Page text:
Tuesday, August 07, 2007

What to do with your friends on Friday. Also Chocolate Eggs.

Neil, Hi, I'm really looking forward to seeing Stardust. However, I'm considering bringing my six year old daughter but I'm not sure if she's old enough. Would you advise against this? Being a young girl, she loves all things fairy, and I think she'd like it. At least the parts where there aren't flying pirates, I think. She's seen the Princess Bride, and I know you've made that comparison before. I know the movie's rated PG-13, but so was the Simpsons movie and she didn't seem to be emotionally scarred from that.Thanks,
Alex Petretich

There were some six and seven year olds at the London screening we did a couple of months ago, and none of them seemed traumatised, and all of them seemed determined to make their parents take them to see it again. It's not a kids' film, but it's a film that kids would enjoy, as far as I can tell.

Dear Neil

My Italian is only good for reading music, but I think the link to A Gentlemen's Duel says it's been removed because it contravenes somebody's conditions of service. Makes me all the keener to see it. Do you have another link, please?
Stephen in Bristol

I'm afraid that my powers are the same as yours -- limited to what I can Google. is the studio's site, with a teaser for the film but not the whole thing.

Snowbooks has a mock Wikipedia page for Jeff Lint (and, of course, Steve Aylett):

They've put quite a lot of work into it, including links to YouTube excerpts from Catty and the Major.

Cheers, Brian

Good to know. Although the Catty and the Major in my head was infinitely more disturbing (and looked more like a Hanna-Barbera cartoon). A few seconds googling showed that you can read the first couple of chapters of Lint online at
although the effect of Lint is cumulative.

(Currently reading Sarah Salway's Tell Me Everything, because I really enjoyed her novel Something Beginning With, the kind of idea for book's structure I wish I'd had, and written in a way that kept up with the structural conceit.) (It was retitled The ABCs of Love in the US, just to limit the readership.)


I read this article with a certain amount of concern:,
as it explains that Stardust is a wonderful, amazing, brilliant film and that everyone will go and see Rush Hour 3 because the marketing for Stardust hasn't been any good. I hope they're wrong. I really hope that the plethora of good reviews, and the word of mouth, will make up for any deficiencies in the marketing.

(If you're in two minds about Stardust, about whether or not to see it or even when to see it, please go and see it this weekend. Friday night if you can. Take friends. If necessary, take them at gunpoint. They will love the movie so much they will forgive you afterwards. And if they don't forgive you, you can dispose of them quietly -- you're the one with the gun, after all -- and you will have a wonderful time for the rest of your life with the new friends you made at the Stardust screening.)

The reviews of Stardust continue to be lovely: for example, is the Associated Press review. And they love Michelle Pfeiffer, who
is deliciously evil as a witch who wants to cut out Yvaine's heart and eat it to gain eternal youth and beauty for herself and her sisters. (Well, mainly for herself.) She shows great comic timing and isn't afraid to play with her glamorous image, or look grotesque when her character, Lamia, is at her most decayed and desperate.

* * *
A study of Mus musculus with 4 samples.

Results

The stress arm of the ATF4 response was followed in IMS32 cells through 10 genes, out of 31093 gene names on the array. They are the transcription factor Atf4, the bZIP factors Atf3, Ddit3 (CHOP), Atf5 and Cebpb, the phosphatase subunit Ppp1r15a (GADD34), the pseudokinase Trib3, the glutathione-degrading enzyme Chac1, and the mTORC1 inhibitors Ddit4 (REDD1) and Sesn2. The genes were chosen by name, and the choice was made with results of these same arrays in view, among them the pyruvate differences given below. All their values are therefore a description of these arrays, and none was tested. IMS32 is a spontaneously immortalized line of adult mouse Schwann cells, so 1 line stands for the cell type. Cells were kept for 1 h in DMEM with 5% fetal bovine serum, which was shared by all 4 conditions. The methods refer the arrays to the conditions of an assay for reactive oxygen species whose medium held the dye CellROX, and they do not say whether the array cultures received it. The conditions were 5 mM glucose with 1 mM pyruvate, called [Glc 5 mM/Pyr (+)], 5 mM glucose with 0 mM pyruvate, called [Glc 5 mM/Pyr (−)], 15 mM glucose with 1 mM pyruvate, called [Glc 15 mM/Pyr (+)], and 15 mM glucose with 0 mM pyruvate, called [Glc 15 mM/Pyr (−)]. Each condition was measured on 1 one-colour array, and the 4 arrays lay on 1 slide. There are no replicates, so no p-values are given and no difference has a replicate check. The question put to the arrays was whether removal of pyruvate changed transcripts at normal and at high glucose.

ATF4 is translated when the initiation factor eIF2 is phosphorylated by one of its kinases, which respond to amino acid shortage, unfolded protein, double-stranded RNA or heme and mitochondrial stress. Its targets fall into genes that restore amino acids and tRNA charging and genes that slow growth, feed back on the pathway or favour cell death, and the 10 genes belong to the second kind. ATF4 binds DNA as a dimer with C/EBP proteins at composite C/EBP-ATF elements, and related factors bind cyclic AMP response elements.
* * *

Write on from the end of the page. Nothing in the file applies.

It comments on the should you take kids question:
"Stardust" also calls to mind last year's "Pan's Labyrinth" .... in that it superficially appears to be suitable for the whole family, and it's really not. It's never as terrifying as "Pan's Labyrinth" but it does get dark; in a broader sense, though, kids just might not get a lot of the nuance. Their parents are truly the target audience here

Weeks and weeks into this Summer of Disappointing Movies, we have finally unearthed a decent gem of a film. This is the one you take a date to; especially if your significant other wears an ankh or has a Death (the D.C. comic character) tattoo somewhere or owns all the Sandman graphic novels. Paramount Pictures has graciously brought the fairy tale back to the screen, with a quality not seen since The Princess Bride. Forget Narnia, Terabithia, and Hogwart's - it's all about Stormhold and the fallen star.
Stardust comes well after the burst of summer blockbusters, but looking back, it will be seen as one of the 2007’s best and most fully satisfying adventures.
has me trying to explain the difference between novel writing and movie making to journalist Colin Covert.
"Writing a novel is a voyage of discovery," said Neil Gaiman, who has written piles of them (including "American Gods," "Anansi Boys," and "Neverwhere") and sold millions.

But turning a novel into a film is like "running a very sharp-edged maze leading through a minefield, with people shooting at you, in a freezing downpour, having no sense of where the exit might be, pursued by hounds, while blindfolded."
Dear Neil,
Did you know that they made up a new law in China that prohibits the Dalai Lama, among other people, from reincarnating?

That trick never works.


And finally, this article haunts me:

It's not that the squirrel sneaks into the shop and steals Kinder Eggs and eats the chocolate. It's that it goes off with the toys inside the egg afterwards. I have visions of the neighborhood squirrels industriously assembling their Happy Hippo Star Wars figurines... But why? Dear God, why?